All cultures have rituals and festivals intended to ward off bad luck or purify the participants of any bad mojo they might be carrying around. At the end of June each year, the Tosa Shrine in Kochi City (Shikoku island) holds its annual Wanukesama Festival for exactly these purposes. What happens during this Shinto festival?
This was my second time to attend Wanukesama, and both times Kochi’s rainy season (late June to early July) provided the perfect atmosphere for the festival. Colourful umbrellas, all styles of yukata, and lights from food stalls added brightness and colour to the refreshingly rainy evening. The path from the front gate to the main temple was lined with paper lanterns that had been decorated by children at a local daycare centre. Waiting at the end of the path was Tosa Shrine, and in front of the shrine was a large ring of branches.
‘Wa’ (輪) means ring or wheel, ‘nuke’ (抜け) means to go through, and ‘sama’ (様) is a polite suffix for superiors, including gods. As you may have guessed, the Wanukesama festival involves going through a ring to ask the gods for a little help. Walking through the ring will get rid of any bad luck or negative energy you’ve accumulated during the first half of the year, thereby allowing you to live a healthy and happy life for the second half. The ring is three meters in diameter and made of cogon grass, also known as Japanese bloodgrass.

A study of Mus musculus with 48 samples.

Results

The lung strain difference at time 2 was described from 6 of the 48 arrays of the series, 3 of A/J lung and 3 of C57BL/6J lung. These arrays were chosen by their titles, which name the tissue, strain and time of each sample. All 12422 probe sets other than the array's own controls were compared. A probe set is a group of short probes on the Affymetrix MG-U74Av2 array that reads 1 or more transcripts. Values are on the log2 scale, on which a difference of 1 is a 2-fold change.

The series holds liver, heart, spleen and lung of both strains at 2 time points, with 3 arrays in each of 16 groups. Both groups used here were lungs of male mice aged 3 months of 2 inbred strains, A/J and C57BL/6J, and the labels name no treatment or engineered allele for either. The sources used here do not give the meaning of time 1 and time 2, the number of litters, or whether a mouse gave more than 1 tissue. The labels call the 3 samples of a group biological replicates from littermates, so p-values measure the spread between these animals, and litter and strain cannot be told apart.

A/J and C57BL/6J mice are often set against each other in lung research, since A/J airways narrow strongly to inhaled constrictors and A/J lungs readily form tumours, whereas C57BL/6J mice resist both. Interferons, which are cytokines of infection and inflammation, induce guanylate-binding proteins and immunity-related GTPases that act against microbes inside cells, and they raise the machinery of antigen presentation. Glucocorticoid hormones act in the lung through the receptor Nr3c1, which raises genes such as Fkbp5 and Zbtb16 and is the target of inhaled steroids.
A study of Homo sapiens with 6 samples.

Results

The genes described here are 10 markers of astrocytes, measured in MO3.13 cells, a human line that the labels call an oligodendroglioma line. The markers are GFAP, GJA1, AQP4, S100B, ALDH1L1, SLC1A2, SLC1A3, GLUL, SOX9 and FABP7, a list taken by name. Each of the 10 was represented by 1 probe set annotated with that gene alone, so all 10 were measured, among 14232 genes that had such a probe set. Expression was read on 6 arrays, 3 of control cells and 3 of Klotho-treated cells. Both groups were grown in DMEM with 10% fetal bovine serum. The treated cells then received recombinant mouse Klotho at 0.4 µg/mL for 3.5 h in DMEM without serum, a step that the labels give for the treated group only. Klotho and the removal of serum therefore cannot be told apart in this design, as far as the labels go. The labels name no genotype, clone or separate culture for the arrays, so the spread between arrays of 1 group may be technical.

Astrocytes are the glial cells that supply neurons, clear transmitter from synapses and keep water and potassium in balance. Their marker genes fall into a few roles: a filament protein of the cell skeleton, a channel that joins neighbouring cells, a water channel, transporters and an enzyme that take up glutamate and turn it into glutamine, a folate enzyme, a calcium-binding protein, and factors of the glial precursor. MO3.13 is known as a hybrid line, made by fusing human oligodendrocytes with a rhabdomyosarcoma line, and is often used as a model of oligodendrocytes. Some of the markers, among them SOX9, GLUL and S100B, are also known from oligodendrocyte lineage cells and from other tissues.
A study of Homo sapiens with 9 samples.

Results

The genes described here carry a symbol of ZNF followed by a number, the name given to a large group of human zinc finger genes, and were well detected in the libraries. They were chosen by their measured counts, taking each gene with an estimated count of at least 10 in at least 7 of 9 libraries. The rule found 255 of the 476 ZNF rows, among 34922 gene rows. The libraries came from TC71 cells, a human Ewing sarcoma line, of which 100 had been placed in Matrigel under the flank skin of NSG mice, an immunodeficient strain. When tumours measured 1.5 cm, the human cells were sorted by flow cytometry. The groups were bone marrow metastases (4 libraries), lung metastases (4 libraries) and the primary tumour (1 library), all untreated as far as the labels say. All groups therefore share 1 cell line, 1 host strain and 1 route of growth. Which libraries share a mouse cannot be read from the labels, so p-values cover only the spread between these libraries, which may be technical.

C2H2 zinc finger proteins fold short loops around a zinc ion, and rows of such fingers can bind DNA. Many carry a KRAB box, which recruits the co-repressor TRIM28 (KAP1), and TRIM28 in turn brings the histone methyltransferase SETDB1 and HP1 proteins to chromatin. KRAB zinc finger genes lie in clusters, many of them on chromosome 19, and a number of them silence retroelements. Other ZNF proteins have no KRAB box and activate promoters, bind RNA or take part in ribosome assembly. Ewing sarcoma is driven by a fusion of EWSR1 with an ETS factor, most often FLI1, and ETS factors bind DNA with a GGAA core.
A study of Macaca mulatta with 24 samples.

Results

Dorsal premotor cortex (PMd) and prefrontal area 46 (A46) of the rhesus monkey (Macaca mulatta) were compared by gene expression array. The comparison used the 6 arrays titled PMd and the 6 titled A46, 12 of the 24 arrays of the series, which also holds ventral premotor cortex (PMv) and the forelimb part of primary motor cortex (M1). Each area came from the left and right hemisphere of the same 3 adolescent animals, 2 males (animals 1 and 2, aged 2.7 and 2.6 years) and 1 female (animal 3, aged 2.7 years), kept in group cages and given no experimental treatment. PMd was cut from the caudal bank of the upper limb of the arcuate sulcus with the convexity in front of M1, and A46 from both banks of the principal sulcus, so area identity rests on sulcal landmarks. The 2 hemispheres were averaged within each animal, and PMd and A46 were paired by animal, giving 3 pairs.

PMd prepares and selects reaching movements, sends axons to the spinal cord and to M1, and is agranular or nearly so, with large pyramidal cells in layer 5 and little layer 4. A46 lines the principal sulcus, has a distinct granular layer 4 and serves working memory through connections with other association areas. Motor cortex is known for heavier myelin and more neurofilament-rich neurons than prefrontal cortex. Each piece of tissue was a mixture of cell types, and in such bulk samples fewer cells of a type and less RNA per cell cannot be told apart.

You can’t just walk straight through, there are specific steps you must follow if you want to successfully carry out this mid-year Shinto purification ritual.
Step One: Walk through the front of the ring and turn to the left.
Step Two: Walk through and turn to the right.
Step Three: Walk through and turn to the left, this time coming back to the front and walking straight through the centre.
If you want, you can then proceed to the shrine where you can ring a bell, toss a few coins into the box below, and say a prayer, or you can call it a day and explore the rest of the shrine and the festival.
In addition to walking through the ring, you can also write a wish on a slip of paper, and tie it to a shoot of bamboo, or buy a paper fortune to see what the future might have in store for you.
Later in the evening, there was a short taiko drumming performance by a trio dressed in oni (demon) masks that was also intended to ward off evil spirits and misfortune. The performers were more captivating and energetic than scary, but small children might still prefer to watch from a safe distance.
Wanukesama, like other summer festivals, is packed with food stalls selling a variety of sweets and snacks. From takoyaki (octopus balls) to karate (fried chicken) to taiyaki (Japanese style waffle cookie) and kakigori (shaved ice), there are plenty of traditional Japanese festival foods to try.
Summer in Kochi starts with Wanukesama in June and ends with Shinanesama in August. Once the summer’s only beginning, what better way to start a season packed with fireworks, taiyaki, watermelon, and trips to the beach than with a little cleansing?
You can click here for the shrine’s homepage (in Japanese only).